Why Theatre?

Theatre in the Liberal Arts

The mission of the Department of Theatre & Dance is to provide opportunities for students to encounter in a meaningful way the three sub-fields of our discipline: text studies (history, theory, criticism, dramaturgy, and dramatic literature), plastic studies (design, technology), and performance studies (acting, directing, playwriting). The proper study of theatre includes study in all three sub-fields, allowing for a degree of concentration in one or more. The true student of theatre must acquire an understanding of each area because of the essentially synthetic nature of the art itself and the highly collaborative means by which it is created. The Theatre Major at Washington College guides students toward an understanding of the synthesis of drama and theatre and toward an understanding of the essential collaboration of the two.

It is important to note that the Department of Theatre & Dance embraces the principles of a liberal arts education.  To that end, we emphasize, both in our curricular and co-curricular activities, the full breadth of such an education.  Our students routinely double major, pairing drama with disciplines as similar as english and as diverse as environmental studies and chemistry.  Indeed, we look for these kinds of intersections.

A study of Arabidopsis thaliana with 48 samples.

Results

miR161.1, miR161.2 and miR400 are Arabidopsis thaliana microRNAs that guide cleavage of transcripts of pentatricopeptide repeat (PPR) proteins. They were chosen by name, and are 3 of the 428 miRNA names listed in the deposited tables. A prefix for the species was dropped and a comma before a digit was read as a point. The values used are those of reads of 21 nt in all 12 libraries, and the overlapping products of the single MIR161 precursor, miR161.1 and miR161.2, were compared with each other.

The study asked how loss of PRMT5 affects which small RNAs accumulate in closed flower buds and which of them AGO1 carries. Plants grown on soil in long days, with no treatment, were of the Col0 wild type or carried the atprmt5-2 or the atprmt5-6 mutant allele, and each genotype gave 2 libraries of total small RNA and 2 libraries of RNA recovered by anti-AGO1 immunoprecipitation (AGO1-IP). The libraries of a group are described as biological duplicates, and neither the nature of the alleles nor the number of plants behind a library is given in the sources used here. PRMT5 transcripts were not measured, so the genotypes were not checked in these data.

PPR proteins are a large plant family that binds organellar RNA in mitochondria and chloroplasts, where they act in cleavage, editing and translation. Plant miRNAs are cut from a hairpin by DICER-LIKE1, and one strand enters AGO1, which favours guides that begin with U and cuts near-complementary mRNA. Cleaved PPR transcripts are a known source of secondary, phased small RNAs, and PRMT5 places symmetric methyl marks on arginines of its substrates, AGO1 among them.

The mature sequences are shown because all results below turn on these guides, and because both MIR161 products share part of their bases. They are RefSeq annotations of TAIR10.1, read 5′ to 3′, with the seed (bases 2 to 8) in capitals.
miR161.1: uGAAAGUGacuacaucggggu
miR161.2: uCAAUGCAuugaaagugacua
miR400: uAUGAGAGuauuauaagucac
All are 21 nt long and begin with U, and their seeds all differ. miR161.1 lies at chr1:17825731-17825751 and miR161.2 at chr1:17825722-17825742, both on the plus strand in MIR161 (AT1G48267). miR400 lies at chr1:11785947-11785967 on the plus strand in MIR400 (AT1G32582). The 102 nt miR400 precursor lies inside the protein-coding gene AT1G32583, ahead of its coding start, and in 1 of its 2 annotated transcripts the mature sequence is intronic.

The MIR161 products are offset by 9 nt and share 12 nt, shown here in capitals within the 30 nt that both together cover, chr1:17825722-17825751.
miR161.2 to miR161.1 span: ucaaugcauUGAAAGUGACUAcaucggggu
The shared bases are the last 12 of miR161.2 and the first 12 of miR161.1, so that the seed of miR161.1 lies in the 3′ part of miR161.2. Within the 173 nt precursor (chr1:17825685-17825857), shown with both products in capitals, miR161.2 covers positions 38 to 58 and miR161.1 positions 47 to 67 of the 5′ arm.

That being said, the Department must also be conscious of representing a tradition that has been central to the intellectual life of world civilization for over 2500 years, and to ensure that students taking theatre courses in any area become aware of the weight and splendor of that tradition. This is our hedge against the pleasing seductions of vocationalism and a “show-biz” aesthetic.

Learning Goals

Students who graduate with a major in theatre will be able to demonstrate:

  1. Fluency in the vocabulary of the various disciplines (including acting, directing, design, playwriting, dramaturgy) within the field of theatre
  2. Knowledge of the major trends, works and individuals in the history of the theatre
  3. Ability to contextualize theatre trends, works and individuals in historic, geographic, artistic, political and social terms
  4. Ability to critique and analyze their work and the work of others in a productive and supportive way
  5. Clear and persuasive communication skills:  oral, written and visual
  6. Critical thinking through synthesis of textual and performance analysis and research
  7. Skills in leadership, management and collaboration
  8. The importance of creativity in all aspects of their lives
  9. A greater understanding and expansion of their own imaginative tools and resources

What We Do

Unlike many of our peer institutions, our “season” is built around students:  we routinely produce 6-8 student-directed productions per academic year, along with 1-3 faculty-directed productions.  Students, both majors and non-majors alike, are free to audition for and participate in all productions.  

We believe that students who major in theatre are change-makers and leaders-in-training, evidenced by this essay.